Seems like the current plan in play is to increase troop numbers over there for a “surge” to try to win. However, if all that is going to change is that more troops are going to go over to try to police various Iraqi municipalities, then this isn’t going to work. The military isn’t a police force, but it seems to me that they are being used as such, and essentially have been for going on at least two years now.
Professor Victor David Hanson has some changes that need to be implemented for our efforts to change – one wonders why they haven’t been already:
[i]Putting Iran and Syria on notice that we will bomb terrorists flocking across their borders.
Give an ultimatum to militia heads, especially Moqtadar Sadr, to disband or face annihilation from the United States.
Expand the rules of engagement in all matters dealing with IEDs, with a shoot on sight rule concerning anyone found implanting or aiding such efforts.
Enlarge the planned Iraqi security forces to near 400,000, and embed far more Americans in those units.
Recalibrate the ratio of support to combat troops, so that we don?t simply create bigger compounds to facilitate larger troop levels to end up with more stationary and more numerous targets?and ever more enclaves of Americans behind thousands of acres of bermed reserves.
So spell out the mission, the new rules of engagement, and then, and only then, surge?if need be? more troops. [/i]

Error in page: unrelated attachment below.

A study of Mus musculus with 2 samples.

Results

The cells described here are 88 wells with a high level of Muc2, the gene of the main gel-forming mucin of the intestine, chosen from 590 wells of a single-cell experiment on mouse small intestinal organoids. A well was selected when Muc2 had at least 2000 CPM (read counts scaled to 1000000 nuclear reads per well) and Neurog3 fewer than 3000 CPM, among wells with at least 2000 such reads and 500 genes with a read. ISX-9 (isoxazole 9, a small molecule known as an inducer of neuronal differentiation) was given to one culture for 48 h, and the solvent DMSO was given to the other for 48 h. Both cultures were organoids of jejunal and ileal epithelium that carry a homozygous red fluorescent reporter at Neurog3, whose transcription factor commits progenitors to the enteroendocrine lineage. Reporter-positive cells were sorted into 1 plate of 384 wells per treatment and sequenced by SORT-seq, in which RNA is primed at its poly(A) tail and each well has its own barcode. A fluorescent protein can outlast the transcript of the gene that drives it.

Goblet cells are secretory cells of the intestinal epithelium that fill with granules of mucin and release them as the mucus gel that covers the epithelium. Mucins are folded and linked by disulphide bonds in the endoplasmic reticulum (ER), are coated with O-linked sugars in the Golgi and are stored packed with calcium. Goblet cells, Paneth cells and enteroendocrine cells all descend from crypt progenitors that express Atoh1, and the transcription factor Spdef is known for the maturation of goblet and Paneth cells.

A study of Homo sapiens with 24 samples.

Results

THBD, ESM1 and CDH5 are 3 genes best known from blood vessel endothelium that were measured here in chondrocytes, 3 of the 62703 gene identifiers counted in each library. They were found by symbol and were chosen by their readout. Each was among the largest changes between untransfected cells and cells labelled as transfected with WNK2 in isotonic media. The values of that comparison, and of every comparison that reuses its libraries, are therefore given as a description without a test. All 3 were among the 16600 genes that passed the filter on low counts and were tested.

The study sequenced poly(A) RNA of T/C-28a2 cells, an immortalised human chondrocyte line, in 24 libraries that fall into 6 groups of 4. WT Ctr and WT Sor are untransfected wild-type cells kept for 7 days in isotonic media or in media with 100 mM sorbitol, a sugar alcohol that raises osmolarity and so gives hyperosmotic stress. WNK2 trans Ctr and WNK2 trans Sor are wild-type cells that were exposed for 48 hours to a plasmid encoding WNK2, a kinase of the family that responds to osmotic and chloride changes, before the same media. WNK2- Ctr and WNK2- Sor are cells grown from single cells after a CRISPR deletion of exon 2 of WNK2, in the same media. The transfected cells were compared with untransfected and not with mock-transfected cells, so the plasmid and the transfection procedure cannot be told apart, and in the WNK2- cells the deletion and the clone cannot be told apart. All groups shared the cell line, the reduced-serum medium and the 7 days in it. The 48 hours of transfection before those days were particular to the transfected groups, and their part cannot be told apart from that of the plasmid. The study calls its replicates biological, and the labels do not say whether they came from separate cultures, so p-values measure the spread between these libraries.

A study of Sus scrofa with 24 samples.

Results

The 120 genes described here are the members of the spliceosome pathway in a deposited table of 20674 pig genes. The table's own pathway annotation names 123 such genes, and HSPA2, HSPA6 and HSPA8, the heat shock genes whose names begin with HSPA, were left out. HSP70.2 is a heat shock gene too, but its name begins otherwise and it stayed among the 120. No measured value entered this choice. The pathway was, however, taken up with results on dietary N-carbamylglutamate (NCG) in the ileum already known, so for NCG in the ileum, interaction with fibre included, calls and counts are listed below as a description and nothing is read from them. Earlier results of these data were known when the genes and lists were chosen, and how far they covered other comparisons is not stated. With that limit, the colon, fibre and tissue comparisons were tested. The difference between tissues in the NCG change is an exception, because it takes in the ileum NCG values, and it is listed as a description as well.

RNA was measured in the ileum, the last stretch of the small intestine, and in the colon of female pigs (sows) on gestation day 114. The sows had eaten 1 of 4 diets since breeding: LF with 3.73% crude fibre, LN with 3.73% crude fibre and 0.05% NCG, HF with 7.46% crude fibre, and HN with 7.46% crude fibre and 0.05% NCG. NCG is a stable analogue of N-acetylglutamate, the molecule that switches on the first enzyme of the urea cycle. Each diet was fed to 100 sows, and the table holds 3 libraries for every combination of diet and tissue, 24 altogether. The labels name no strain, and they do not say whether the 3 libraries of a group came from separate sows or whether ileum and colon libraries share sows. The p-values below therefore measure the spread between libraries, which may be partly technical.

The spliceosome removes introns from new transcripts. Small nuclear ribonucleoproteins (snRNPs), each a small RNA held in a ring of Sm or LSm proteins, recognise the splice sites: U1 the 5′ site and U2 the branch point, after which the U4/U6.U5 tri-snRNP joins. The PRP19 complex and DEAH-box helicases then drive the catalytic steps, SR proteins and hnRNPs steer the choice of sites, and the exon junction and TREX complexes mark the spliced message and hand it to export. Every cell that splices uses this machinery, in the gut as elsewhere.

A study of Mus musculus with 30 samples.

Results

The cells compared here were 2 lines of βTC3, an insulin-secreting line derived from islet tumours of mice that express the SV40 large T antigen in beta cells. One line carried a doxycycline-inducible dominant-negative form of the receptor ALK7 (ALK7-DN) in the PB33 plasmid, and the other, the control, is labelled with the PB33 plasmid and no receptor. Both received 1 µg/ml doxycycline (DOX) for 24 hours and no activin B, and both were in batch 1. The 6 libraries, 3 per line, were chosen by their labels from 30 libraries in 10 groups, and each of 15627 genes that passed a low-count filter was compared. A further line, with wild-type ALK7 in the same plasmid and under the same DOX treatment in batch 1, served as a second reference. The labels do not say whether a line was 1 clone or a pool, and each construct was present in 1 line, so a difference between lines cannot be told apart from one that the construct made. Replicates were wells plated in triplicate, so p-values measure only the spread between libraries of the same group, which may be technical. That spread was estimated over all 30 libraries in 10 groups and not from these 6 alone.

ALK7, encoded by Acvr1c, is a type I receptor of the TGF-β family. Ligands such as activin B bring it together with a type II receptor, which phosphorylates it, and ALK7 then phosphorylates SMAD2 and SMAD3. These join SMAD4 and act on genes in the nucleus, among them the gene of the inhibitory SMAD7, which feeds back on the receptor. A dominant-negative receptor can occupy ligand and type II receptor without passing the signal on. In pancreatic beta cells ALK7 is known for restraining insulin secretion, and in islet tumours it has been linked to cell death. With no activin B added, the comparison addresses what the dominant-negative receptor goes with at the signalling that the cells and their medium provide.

Does anyone else have any thoughts on what needs to change over there for our efforts to be successful?[/quote]
I’ve come to think a “surge” is just throwing good money after bad, sunk costs would be the economist’s term wouldn’t it? 30,000-50,000 troops would make a minimal impact, and the prospects of keeping them there for long are not good (see some of General Schoomaker’s latest comments). Bill Lind lays out some of the reasons why a surge is a bad idea, starting with the fact that the Iraqi state no longer exists (this is a key realization, if it is in fact true, and I think all the evidence points that way):
Also, I would take military wisdom from Victor Davis Hanson with a huge grain of salt. I respect his qualifications and what little of his serious historical work I’ve read, but he writes some asinine stuff when it comes to Iraq and “the war on terror.” Key example being the old World War II comparison. His points above:
Bombing Syrian and Iranian terrorists “flocking” into Iraq would have a minimal impact, because they are a tiny percentage of the forces arrayed against us, and anyway, terrorists aren’t conventional military formations, easily seen and targeted from the air.
We can’t give the militias an ultimatum, because the Mahdi Army, Badr Brigades and the rest are integral parts of the government, the only “friends” we have left in Iraq, not counting the Kurds.
Enlarge the Iraqi security forces and embed more Americans? Yeah, that’s been the plan for a couple years now.
He’s absolutely right about the ratio of support to combat troops, a point Lind touches on, I have a buddy in Diwaniya (the “safe” Shiite south) who’s told me horror stories about that, but getting the Army out of its FOB mentality is an enormous undertaking, and will happen, if it does, far too late to change what’s happening on the ground in Iraq. Professionals talk logistics, as the old canard goes.